Stormont borrowing must leave assets, not handicaps, for future
THE Northern Ireland Executive annually borrows an average of £200m to allow extra increases in the level of capital spending as part of the NI budget. The special Reinvestment and Reform Initiative (RRI) now has outstanding loans of nearly £2bn with loan and interest repayments of more than £100m each year.
In addition, Government departments have committed to 39 Private Finance Initiative (PFI or PPP) deals with an initial capital value estimated at £2bn but with unitary charges for the services of £7bn spread over up to 30 years. These create commitments of nearly £250m each year including the contribution to capital and operational costs.
RRI and PFI payments each year, together, cost some £350m.
The NI Audit Office has reviewed the scale and policy significance of these new and growing sources of funding for the capital budget of Stormont. The Audit Office has also drawn attention to deficiencies in the way in which these funds are used and the inadequate reporting of the process to the Assembly and (by extension) in terms of accountability to the public.
The critical questions relate to the methods of evaluating the merits of increased borrowing either as RRI or in a PFI arrangement. Various forms of justification can be inferred from the arguments deployed.
The easiest to accept is where a project is selected which, with the use of borrowed funds, can provide extra services to the relevant members of the public which would increase the benefits created. In a traded service, the question would be whether the service paid its way. In the public sector, the equivalent calculation is less easily demonstrated although conceptually it remains relevant as, for example, in the PFI investments in the water service.
Less persuasive is the argument which calls on extra funds to update or replace existing facilities. New schools and hospitals to replace older assets can be presented as compelling projects, even when the benefit essentially substitutes for older provision. The new Enniskillen hospital is a welcome new asset which has added a cumulative funding commitment of over £700m. Can the NI economy grow sufficiently to allow these funds to be repaid?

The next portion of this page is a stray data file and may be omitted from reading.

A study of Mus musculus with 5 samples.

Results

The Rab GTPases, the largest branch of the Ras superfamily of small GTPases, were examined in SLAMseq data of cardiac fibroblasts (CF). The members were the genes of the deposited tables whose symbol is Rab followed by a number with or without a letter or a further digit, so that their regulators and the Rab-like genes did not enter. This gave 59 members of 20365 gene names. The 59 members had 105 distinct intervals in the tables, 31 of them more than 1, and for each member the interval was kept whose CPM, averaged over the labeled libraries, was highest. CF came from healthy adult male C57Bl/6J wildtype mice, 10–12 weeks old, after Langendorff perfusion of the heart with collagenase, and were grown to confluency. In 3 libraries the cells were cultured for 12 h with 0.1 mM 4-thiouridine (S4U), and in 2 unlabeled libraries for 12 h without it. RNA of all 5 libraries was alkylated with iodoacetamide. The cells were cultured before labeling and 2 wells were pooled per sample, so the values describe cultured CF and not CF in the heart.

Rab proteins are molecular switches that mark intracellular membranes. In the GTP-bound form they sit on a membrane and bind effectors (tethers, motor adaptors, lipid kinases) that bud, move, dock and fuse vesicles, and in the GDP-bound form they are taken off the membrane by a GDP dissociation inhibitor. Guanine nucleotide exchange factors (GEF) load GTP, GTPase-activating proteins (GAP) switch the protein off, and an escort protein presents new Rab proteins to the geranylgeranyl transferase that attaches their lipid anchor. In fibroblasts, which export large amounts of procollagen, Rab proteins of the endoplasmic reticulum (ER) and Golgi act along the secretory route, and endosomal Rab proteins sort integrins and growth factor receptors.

Possibly the least persuasive argument to borrow extra capital sums is when the borrowing is used to meet a current operating cost for which budget provision was inadequate (or needed because the demand was unexpected and unavoidable). The Audit Office reports a concern that, in a recent example, a back-dated pay award for which no funds had been earmarked was funded out of borrowed funds. Even as a one-off devise, this attracts critical comment.
The Audit Office has provided a useful clearly presented overview of the impact of RRI and PFI. Although the Audit Office uses the restrained language of Government officials examining the work of other Departmental officials, an interested reader may well conclude that the Audit Office is being constructively quite critical. In the seven summary recommendations, the first two ask for greater transparency, more robust and comprehensive analysis. Another three centre on issues linked to efficiency, benchmarking, market testing and sharing of expertise. Finally, the Audit Office asks for "clear analysis of the affordability of future borrowings and anticipated RRI commitments".
Possibly there may be some surprise that the initiative to scrutinise RRI and PFI was not initiated by either (or both) the Department of Finance and Personnel (DFP) in its own interests or the Assembly Committee for DFP. These complex funding opportunities are an under-exploited resource which may have the potential for more carefully targeted future spending.
If these resources are used in ways which ensure that the Northern Ireland economy grows, earns higher levels of taxation, this becomes a virtuous circle, and is so much the better. If they are used for soft or popular non-productive projects, tomorrow's generation will inherit a handicap, rather than an asset.